Even More Cyber Abuse of Women
Amanda Hess certainly struck a nerve. Following up her article, Why Women Are Not Welcome on the Internet, the Pacific Standard has added four sections of testimonials: This Is What the Harassment and Abuse of Women on the Internet Looks Like:
Two years ago I began posting a serialized novel to a fan fiction website. An individual somehow determined my userID and password, logged onto the site as me, and added a bogus chapter to my novel.
The bogus chapter was less than a page long. But is said something completely revolting. Supposedly, the female characters in my story found it sexually pleasing to have each others’ feces rubbed in their faces and over their tongues.
I deleted the objectionable material and complained about it to the webmaster. I changed my password. The objectionable writing was re-posted, with additions. The offender was communicating in his own name. And then again, in mine.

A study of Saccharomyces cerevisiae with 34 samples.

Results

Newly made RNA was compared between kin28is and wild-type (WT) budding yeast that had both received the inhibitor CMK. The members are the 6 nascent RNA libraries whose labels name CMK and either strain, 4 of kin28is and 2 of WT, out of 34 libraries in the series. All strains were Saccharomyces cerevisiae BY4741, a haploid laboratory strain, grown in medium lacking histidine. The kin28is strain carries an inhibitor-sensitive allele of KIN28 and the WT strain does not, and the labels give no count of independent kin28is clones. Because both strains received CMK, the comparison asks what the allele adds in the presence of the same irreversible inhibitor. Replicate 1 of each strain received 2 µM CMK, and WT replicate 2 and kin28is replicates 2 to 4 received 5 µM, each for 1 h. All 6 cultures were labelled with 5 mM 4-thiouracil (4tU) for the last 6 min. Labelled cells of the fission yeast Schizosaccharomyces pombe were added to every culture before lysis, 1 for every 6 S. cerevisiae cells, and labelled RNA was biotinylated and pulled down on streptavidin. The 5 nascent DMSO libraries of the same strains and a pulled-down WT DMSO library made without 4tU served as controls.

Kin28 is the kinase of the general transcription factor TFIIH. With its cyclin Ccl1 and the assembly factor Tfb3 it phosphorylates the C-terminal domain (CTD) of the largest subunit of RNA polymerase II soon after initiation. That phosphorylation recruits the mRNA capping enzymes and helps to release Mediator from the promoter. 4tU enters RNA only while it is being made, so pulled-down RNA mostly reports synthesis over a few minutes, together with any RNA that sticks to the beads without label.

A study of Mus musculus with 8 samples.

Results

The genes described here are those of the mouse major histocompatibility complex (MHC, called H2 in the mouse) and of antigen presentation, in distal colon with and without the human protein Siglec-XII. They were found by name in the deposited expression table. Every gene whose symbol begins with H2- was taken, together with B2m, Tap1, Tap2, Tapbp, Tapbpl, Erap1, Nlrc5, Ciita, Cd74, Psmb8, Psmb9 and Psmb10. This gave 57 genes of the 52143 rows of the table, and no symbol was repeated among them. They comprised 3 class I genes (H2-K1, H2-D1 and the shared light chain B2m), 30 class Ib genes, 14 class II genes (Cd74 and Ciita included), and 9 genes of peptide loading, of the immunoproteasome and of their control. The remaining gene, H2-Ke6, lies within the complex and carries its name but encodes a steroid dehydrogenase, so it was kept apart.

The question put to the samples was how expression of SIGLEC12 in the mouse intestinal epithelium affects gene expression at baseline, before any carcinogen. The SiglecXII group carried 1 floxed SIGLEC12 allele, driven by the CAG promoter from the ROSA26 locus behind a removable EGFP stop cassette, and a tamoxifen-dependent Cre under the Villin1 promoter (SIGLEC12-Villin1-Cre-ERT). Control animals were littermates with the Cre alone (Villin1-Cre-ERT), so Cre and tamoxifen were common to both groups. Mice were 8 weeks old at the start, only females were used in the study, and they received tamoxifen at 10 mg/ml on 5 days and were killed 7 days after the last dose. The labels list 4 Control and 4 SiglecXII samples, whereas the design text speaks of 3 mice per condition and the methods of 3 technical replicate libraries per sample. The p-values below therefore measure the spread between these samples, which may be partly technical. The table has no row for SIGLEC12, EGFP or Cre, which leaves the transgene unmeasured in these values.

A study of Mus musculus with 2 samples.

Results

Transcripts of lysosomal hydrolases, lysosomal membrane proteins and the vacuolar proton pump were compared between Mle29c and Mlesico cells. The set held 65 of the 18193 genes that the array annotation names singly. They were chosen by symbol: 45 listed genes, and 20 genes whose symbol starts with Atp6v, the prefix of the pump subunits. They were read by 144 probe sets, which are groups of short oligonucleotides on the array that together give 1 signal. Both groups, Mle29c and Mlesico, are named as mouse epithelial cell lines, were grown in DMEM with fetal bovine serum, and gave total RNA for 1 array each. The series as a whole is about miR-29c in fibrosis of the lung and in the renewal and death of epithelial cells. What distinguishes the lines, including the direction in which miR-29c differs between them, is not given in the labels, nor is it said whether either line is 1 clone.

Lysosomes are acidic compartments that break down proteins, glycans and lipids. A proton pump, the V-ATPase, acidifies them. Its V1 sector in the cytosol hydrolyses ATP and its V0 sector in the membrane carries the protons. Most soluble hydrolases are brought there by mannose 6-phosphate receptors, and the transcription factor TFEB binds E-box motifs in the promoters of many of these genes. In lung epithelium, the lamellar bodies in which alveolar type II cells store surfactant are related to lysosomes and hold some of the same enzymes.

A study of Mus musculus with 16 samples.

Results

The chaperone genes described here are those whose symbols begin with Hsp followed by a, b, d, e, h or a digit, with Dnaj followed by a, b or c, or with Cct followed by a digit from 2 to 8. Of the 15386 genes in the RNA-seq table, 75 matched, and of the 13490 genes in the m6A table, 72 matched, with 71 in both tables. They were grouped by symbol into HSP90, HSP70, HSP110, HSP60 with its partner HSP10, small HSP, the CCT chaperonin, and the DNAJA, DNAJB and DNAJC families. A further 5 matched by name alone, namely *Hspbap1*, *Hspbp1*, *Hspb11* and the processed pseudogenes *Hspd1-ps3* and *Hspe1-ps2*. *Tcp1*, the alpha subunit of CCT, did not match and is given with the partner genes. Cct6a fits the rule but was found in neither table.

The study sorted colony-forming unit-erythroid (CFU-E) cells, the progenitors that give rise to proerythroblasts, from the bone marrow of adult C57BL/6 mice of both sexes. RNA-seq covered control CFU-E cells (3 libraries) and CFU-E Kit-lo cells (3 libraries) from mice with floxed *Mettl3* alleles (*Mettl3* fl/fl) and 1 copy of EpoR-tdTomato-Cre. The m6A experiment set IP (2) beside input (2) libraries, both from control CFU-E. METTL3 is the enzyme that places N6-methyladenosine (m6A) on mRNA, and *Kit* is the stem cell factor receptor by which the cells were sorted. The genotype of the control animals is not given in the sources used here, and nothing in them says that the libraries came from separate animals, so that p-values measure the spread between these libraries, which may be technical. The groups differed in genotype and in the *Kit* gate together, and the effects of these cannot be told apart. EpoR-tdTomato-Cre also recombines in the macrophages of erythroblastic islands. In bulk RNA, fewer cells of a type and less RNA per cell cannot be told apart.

At the invitation of two users on a different fan fiction site, I moved my project over to it. A few days later, the objectionable posts re-appeared on the new site, embellished with more details about a giant orgy that takes place in a bomb shelter.
… and Amy Wallace has chimed in with, Life as a Female Journalist: Hot or Not?:
In online comments and over email, I was called a prostitute and the C-word. J. B. Handley, a critic of childhood vaccination and the founder of the autism group Generation Rescue, affiliated with the actress Jenny McCarthy, sent me an essay titled, “Paul Offit Rapes (intellectually) Amy Wallace and Wired Magazine.” In it, he implied that my subject had slipped me a date-rape drug. Later, an anti-vaccine website Photoshopped my head onto the body of a woman in a strapless dress who sat next to Dr. Offit at a festive dinner table. The main course? A human baby.
Wallace notes that while much of the problem is with anonymous trolls, a lot happens in plain sight, with no consequences.